The Blue light filter decreases the amount of blue light displayed on the screen of the device. Blue light can suppress the production of melatonin (sleep-inducing hormone), so filtering it out can help you sleep better. It will also reduce digital eye strain, so your eyes won't feel so tired by the end of the day.
Tap on of the drop down menus to follow the step-by-step instructions.
Note: While you're watching HDR videos from HDR-exclusive video services (such as Amazon video) the blue light filter will not be applied.
●Enabling and Disabling the Blue Light Filter via your SettingsClick to Expand.
●Turning on and off via your Quick Settings PanelClick to Collapse.
1.Swipe down from the top of the screen with two fingers to toggle the Blue light filter on/off quickly
2.Tapping on the word Blue Light Filter will allow you to adjust the Opacity.
What else causes eye damage from Blue light?
That said, University of Toledo representatives stipulate that the blue light emanating from our devices may not be strong enough to cause extreme damage to our eyesight. The Sun also produces blue light to a much greater degree and is by far the primary candidate for causing macular degeneration.
Your smartphone-induced health problems may not end with eye strain. Research has shown that spending time on your cell phone before bed can reduce melatonin production, making it harder for you to fall or stay asleep. Cell phone use has also caused an uptick in back and neck problems (from bending over your phone) and repetitive stress injuries in the hands (and the thumbs in particular).
How to protect your eyes from your mobile screen
Smartphones are essential to our lives and, to many people, far worth their health risks. Still, taking the right steps today can drastically reduce the risk of having smartphone vision problems in the future. If you’re not actively avoiding eye strain,consider taking these simple steps to reduce your risk of smartphone-related eye damage:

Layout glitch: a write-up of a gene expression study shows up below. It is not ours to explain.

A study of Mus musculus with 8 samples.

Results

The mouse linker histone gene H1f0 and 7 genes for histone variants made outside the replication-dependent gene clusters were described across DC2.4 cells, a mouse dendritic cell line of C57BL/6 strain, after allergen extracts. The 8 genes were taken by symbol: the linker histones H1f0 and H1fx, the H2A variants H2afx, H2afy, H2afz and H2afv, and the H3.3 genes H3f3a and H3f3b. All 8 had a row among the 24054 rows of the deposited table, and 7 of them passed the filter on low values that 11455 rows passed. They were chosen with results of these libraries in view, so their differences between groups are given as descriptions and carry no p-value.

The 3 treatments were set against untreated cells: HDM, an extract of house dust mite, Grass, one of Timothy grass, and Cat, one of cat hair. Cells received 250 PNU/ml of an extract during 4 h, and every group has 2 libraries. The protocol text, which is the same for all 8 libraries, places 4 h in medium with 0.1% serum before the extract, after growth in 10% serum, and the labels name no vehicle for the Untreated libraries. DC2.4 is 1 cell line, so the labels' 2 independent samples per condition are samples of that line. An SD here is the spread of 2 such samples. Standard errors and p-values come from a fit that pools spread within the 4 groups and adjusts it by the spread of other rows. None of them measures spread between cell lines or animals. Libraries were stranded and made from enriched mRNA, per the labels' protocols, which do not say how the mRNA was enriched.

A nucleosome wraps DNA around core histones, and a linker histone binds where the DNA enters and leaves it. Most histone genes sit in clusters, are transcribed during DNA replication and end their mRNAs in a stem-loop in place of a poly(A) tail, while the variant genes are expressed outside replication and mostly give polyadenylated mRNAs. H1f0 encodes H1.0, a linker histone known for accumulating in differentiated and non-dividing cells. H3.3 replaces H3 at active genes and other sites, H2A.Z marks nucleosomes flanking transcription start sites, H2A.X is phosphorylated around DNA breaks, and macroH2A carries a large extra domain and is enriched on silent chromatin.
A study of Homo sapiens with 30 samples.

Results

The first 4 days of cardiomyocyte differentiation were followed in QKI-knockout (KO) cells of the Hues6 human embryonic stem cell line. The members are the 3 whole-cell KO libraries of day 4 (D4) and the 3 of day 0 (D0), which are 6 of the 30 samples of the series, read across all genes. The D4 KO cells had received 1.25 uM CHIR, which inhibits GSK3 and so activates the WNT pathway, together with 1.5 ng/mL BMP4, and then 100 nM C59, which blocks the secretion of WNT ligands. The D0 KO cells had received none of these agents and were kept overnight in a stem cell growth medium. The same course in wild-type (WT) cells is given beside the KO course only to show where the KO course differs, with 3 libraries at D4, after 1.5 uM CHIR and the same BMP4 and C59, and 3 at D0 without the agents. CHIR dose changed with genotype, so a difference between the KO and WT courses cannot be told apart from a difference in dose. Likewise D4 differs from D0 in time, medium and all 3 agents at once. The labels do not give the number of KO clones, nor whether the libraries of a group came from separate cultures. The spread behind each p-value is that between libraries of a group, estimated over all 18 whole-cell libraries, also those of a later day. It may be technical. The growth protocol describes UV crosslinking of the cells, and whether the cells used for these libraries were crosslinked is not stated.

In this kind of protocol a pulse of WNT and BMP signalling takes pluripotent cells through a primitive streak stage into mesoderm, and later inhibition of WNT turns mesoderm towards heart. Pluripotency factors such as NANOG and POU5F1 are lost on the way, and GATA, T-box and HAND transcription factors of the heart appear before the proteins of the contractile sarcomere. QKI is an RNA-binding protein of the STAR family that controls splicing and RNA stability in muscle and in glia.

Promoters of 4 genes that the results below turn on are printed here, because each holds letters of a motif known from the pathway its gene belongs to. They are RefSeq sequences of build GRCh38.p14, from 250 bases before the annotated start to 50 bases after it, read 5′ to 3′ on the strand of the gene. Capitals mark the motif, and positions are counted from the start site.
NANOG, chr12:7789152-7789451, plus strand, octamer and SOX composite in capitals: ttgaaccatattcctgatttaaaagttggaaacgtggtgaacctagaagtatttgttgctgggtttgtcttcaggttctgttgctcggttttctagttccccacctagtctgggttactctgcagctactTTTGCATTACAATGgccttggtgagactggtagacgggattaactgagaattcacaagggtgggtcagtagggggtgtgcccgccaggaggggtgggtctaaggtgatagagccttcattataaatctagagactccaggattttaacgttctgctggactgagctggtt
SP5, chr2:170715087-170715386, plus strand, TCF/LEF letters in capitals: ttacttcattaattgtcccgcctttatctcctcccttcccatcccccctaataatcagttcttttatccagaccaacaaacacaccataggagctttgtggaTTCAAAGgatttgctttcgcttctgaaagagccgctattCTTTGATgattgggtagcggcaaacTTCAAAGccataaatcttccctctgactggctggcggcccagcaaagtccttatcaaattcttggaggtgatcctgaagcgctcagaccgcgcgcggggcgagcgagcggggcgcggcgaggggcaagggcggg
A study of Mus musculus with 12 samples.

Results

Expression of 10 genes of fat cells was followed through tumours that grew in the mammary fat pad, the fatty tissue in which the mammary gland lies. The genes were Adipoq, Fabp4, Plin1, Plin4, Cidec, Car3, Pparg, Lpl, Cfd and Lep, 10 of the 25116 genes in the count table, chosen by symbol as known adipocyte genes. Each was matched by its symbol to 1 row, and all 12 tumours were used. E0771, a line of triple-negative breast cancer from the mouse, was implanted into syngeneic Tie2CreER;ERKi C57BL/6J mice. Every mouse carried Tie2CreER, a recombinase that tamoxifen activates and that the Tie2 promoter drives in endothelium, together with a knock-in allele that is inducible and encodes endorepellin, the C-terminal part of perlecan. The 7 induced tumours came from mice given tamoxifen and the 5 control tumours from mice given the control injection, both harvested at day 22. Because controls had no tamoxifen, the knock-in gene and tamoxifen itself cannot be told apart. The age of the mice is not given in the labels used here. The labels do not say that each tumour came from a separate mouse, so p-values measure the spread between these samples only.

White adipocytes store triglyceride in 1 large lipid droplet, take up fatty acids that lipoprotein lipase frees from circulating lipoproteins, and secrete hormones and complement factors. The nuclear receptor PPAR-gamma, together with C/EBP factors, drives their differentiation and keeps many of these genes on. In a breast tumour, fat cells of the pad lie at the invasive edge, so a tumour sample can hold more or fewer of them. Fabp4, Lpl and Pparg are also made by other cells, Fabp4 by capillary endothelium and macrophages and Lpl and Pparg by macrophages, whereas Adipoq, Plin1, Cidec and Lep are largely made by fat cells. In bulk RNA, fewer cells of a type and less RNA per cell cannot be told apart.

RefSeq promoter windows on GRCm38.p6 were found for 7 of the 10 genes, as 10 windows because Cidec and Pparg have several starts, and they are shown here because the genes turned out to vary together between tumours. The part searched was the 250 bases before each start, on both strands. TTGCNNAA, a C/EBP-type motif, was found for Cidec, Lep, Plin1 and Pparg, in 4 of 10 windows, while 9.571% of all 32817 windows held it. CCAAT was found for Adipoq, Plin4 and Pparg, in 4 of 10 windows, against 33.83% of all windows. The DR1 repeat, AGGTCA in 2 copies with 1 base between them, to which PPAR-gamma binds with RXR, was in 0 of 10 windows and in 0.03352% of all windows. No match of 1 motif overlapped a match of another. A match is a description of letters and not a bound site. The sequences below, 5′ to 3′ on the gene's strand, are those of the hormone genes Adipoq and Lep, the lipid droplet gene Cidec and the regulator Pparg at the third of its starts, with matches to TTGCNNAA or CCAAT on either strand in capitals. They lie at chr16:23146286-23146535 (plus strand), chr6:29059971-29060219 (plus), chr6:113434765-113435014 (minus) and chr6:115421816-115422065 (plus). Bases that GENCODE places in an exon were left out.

Turn Down the Glare: Chances are, your smartphone’s brightness setting is way higher than necessary. Reducing the glare from your screen will make phone use easier on your eyes and can also help you conserve battery life. Simply access your phone’s settings and adjust the brightness to a lower, more comfortable level.
Adjust Your Text Size: If you have to squint to read on your phone, try making the default font larger so that your on-screen text will be bigger and easier to see
Remember to Blink: It may sound strange, but reminding yourself to blink while using your smartphone can reduce the amount of strain you place on your eyes. By blinking more often, you’re helping your eyes retain moisture, repel irritants, and remain refreshed all day.
Take Breaks: This is our most important tip. It is also the hardest to follow. Taking breaks from your smartphone can drastically reduce the amount of strain placed on your eyes. For every 20 minutes spent on your smartphone, spend at least 20 seconds looking away. During those 20 seconds, do your best to stare at something in the distance (20 feet away or more).
Blue Light Filter:
Blue light causes digital eye strain.
While using devices will not damage your eyes permanently, staring at them for a long time can cause temporary discomfort. People experience eye strain in different ways, but symptoms can include:
Tearing or watery eyes
The reason we get digital eye strain is that we blink less when we stare at our devices. Normally, humans blink around 15 times per minute—but this “blink rate” can be cut in half when staring at screens or doing other near work activities (like reading). To reduce eye strain:
Take frequent breaks by using the “20-20-20” rule. Every 20 minutes look away from your screen and look at an object 20 feet away for at least 20 seconds. This gives your eyes a chance to reset and replenish themselves.
Use artificial tears to lubricate your eyeswhen they feel dry.
Keep your distance. Sit about 25 inches or at arm’s length from your screen and adjust its height so you’re looking slightly downward at it.
Reduce glare and brightness. Devices with glass screens can cause glare. To reduce glare, consider a matte screen filter for your device. Adjusting the brightness and contrast of your screen and dimming the lighting near your screen can also help reduce eye strain.
Wear eyeglasses. If you wear contact lenses, you already know they can increase dryness and irritation. To reduce these symptoms, try wearing eyeglasses instead when working on a computer And Smartphones for longer periods.